Filling Needs and Putting Yourself in Other People’s Shoes – Marketing for Photographers
This chapter is an excerpt from the in-depth e-book, Creative Freelance Marketing for Photographers.
Often to be able to show your work to a potential audience you will have to go through a gatekeeper. Someone else will decide whether they want to share your work or your words with their network, fans, readers, and clients.
You will constantly be at the mercy of others, and so you have to think smart about how you will contact these people.
How would you react if a random person contacted you for the first time and asked for a favor out of the blue? There is a good chance you might disregard the request because you did not have the time and did not know the person. Now imagine if you had ten strangers all asking you for favors.
Most people would rather spend their time doing favors for friends instead of strangers.
However, think about how you would react if this same person contacted you for the first time offering to fill a need or to help you out in some way. You would probably be much more receptive. Here is someone you have never met before who already understands what you do and has a good idea for how to make your life easier. By the first email, you would have the impression that this person is both conscientious and professional.
Research the organizations, and learn more about those you will be contacting. Explore their work, and get a better sense of their interests. Think about what you can potentially offer that would be a value-add or fill a need. How can you make their life and job easier? The people that have the ability to be a gatekeeper for your success are busy, and some of them receive a lot of contact from creatives in similar situations with similar pitches. As a result, be respectful, identify a need, and offer to fill this void. Better yet, think about something that they are missing and offer to do it for them.
The people that have the ability to be a gatekeeper for your success are busy, and some of them receive a lot of contact from creatives in similar situations with similar pitches. As a result, be respectful, identify a need, and offer to fill this void. Better yet, think about something that they are missing and offer to do it for them.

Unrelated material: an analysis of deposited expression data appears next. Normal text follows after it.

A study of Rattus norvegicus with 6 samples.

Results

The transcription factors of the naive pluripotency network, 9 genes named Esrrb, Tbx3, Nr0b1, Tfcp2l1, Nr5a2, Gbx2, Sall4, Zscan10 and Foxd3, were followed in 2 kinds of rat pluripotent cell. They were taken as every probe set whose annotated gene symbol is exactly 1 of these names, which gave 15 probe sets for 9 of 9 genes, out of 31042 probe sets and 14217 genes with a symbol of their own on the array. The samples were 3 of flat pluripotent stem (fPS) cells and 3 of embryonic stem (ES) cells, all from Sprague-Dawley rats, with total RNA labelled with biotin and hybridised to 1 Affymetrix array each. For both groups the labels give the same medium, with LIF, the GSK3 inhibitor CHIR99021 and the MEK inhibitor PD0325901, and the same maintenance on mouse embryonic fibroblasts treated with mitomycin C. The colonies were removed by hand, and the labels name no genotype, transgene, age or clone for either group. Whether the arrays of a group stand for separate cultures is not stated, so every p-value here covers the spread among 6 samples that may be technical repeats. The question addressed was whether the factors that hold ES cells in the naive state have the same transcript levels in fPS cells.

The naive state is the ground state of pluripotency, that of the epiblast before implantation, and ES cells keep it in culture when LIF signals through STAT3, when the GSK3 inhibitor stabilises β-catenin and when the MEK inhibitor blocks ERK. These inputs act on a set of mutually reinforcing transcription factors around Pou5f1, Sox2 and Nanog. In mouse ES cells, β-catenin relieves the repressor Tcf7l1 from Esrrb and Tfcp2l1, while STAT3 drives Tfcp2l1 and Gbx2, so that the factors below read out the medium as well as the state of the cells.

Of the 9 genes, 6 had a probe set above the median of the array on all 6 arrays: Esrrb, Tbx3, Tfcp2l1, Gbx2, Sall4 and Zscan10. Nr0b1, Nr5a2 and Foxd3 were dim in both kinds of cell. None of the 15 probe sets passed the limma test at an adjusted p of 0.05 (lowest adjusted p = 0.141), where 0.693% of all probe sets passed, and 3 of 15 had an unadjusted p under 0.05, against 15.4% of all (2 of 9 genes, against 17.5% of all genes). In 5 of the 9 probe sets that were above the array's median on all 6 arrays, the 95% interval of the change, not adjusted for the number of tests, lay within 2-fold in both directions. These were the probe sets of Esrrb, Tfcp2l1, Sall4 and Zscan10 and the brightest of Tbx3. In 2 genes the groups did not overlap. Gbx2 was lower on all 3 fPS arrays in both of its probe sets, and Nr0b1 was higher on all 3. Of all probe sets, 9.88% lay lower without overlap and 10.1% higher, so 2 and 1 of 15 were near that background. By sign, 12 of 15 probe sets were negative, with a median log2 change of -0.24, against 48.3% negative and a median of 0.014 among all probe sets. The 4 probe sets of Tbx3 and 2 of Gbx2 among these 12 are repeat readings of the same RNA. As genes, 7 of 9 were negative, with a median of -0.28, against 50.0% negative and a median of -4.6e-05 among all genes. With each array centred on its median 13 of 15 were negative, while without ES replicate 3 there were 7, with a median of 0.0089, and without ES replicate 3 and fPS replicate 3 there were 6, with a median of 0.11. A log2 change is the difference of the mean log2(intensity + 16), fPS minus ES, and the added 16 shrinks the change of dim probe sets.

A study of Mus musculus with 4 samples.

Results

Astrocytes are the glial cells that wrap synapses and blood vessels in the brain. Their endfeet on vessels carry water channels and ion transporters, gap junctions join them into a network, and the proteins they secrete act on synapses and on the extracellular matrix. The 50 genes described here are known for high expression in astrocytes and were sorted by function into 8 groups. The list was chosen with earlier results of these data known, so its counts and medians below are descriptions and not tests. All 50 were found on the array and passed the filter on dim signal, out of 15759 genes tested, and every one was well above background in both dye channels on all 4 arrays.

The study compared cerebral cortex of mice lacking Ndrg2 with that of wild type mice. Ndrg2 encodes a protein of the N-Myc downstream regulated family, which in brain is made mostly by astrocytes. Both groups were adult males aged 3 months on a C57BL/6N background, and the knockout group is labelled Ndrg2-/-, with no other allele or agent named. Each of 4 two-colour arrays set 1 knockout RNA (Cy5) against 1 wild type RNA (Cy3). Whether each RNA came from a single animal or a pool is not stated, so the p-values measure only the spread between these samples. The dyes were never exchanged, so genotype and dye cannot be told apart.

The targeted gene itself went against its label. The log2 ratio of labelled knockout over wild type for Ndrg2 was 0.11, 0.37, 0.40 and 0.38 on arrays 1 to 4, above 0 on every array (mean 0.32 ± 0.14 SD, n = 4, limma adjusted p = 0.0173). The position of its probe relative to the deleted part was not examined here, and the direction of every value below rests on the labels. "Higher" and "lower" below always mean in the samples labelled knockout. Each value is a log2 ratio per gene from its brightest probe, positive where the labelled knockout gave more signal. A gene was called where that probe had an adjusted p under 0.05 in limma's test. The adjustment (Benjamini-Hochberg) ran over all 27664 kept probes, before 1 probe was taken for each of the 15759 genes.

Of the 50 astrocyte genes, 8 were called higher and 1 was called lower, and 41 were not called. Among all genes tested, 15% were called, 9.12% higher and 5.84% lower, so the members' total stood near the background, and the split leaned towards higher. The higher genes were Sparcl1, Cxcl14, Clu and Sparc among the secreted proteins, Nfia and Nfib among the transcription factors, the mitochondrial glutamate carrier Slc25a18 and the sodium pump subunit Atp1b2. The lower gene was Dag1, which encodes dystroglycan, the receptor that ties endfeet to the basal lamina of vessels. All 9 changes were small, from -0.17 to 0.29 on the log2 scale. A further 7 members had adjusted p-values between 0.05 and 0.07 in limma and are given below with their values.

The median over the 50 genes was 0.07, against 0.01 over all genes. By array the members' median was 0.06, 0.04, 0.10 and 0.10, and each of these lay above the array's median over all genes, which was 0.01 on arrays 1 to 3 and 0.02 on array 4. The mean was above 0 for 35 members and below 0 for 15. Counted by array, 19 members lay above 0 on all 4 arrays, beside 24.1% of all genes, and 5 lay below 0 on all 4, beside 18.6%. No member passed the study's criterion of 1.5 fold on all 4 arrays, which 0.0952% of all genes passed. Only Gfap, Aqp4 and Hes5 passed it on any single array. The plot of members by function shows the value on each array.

There are some websites that strictly show the work of photographers and creatives. In this case, create a selection of work that you think the owner will respond toand show those to them. If you send a pitch and only link to your website for them to then search through, it will take time and work to sift through to find what they like. Save them this effort by sending them a tight edit of what you think they will want to see. Tell them you have created a selection of your work that you think they will like, and either send them a link to that gallery or include the work in the email.
Many websites will need interesting topics covered, from targeted lists to long form articles. Go through and read their content before you make a pitch. See what common themes or topics they cover, and find an interesting angle on something that they have not yet covered. Craft your words to their style and standards.
Pitching in this way will show that you are prepared and that you are either a fan of the website or you are willing to put the work in to help them. Sometimes I will pitch a particular idea to a site, and other times I will do all of the work ahead of time and send a completed article to see if they have interest. If it is a strong piece, consistent with their mission, and already completed, it will be tougher for them to pass over and disregard. If it is passed on, you can use the article elsewhere.
Imagine that you own a successful website that you started from scratch and built up slowly over the course of many years. Then one day, you get an email from someone you have never heard of before trying to pitch you a general idea. They write a message like, Hey, can I write you an article about photography marketing? Even if that person has read your site every day, it would seem like they found you out of the blue and just wanted a link on your website.
On the other hand, if they wrote:
Im a photographer based out of New York. I know that you write a lot of content about marketing photography. I have learned a lot of great techniques from you, particularly (insert how they helped you), so thank you for helping improve my business. (If you have not followed the person, do not lie to them. It will be evident.)
I have an interesting angle that I have not seen you cover about working with local blogs that I use very successfully. Working with them is a great way to do something for the community, while simultaneously getting your name out there and showing your abilities. Would you be interested in having me write an article for you on this topic, or perhaps a synopsis for your initial review? Here is a link to my portfolio and two links to articles showing my writing style.
Thanks so much!
How much more professional does this sound? This is a reliable person that you want to work with.
If you cannot fill a need, then perhaps you are not ready to contact them just yet. There is no rush. Wait until you have something meaningful for them. You do not want to waste your chance for a good first impression. There are a few initial contacts that I approached incorrectly before I knew what I was doing, and I wish I could have them back.
For further education, download Creative Freelance Marketing for Photographers.